Last week, former Secretary of State Hillary Clinton came out in support of same-sex marriage tying her support to her service as secretary of state in a video for the Human Rights Campaign. Clinton followed in the footsteps of her husband, who four years earlier announced his own support same-sex marriage, and regret for signing the Defense of Marriage Act into law.
But as late as the 2004 presidential election, Clinton was advocating that John Kerry support local gay marriage bans to pick off Bush votes in red states according to reports from Newsweek and political consultant Bob Shrum.
"Clinton, Kerry reported at the time, did suggest blunting Bush's appeal to cultural conservatives with a reprise of Clinton's Sister Souljah moment in 1992 when he'd denounced her call for violence against whites — and done it as conspicuously as possible in front of Jesse Jackson's Rainbow Coalition," Shrum wrote in his 2008 book No Excuses: Concessions of a Serial Campaigner.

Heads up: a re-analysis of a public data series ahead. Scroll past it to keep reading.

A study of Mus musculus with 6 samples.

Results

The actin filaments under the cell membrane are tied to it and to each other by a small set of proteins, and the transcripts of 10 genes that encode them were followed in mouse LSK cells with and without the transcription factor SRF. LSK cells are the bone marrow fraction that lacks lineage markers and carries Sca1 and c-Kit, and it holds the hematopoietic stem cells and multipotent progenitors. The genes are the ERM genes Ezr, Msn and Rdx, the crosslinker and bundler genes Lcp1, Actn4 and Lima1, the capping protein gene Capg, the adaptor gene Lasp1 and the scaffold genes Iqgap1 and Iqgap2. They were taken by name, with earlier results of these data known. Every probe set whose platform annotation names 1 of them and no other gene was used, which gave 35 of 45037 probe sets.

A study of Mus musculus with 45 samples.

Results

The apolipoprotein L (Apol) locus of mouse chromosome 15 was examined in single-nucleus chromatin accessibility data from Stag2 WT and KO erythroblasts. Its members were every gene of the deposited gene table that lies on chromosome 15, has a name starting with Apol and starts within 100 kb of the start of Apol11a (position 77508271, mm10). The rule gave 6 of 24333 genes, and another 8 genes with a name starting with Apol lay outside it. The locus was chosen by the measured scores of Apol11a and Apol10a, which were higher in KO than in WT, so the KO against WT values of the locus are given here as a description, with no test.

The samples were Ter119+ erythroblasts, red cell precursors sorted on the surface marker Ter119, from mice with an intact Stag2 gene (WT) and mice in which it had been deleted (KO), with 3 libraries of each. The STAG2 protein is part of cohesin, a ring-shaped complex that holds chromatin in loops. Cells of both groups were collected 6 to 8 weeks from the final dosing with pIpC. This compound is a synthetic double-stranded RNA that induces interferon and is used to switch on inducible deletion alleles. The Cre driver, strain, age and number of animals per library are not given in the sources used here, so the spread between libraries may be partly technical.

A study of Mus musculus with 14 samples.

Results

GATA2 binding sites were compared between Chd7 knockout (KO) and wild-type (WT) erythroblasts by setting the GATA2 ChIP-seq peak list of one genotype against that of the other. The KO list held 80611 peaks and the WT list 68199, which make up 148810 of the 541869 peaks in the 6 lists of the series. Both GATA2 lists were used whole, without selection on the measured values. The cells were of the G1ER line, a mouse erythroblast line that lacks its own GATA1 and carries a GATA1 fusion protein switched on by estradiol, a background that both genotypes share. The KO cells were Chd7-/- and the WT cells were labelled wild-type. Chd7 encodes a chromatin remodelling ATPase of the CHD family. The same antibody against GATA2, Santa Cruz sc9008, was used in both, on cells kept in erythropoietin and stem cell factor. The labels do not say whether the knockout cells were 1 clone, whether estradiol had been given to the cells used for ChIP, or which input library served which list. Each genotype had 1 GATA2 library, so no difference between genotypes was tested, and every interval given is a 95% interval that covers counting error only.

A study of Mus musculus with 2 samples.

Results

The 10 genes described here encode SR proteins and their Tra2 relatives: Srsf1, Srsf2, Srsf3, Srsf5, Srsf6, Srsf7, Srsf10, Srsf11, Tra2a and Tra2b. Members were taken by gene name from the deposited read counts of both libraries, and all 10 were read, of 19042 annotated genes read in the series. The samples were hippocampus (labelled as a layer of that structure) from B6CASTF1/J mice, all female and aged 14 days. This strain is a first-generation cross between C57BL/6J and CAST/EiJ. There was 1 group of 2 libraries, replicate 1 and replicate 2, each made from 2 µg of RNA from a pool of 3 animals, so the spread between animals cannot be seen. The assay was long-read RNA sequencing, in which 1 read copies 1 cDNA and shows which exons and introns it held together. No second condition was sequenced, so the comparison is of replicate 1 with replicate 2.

"Kerry, Clinton ventured, should consider defying Democratic interest groups by endorsing the Bush proposal for a federal constitutional amendment banning gay marriage."
Shrum added that it was "this was a flip-flop too far for Kerry."
A Clinton spokesman denied the reports to the New York Times saying it was "completely false."
But Shrum stood by the account in an email to BuzzFeed saying "I entirely stand by what I wrote."
And as the Supreme Court hears two potentially historic cases for same-sex marriage rights this week, Clinton's own legacy in hangs in the balance.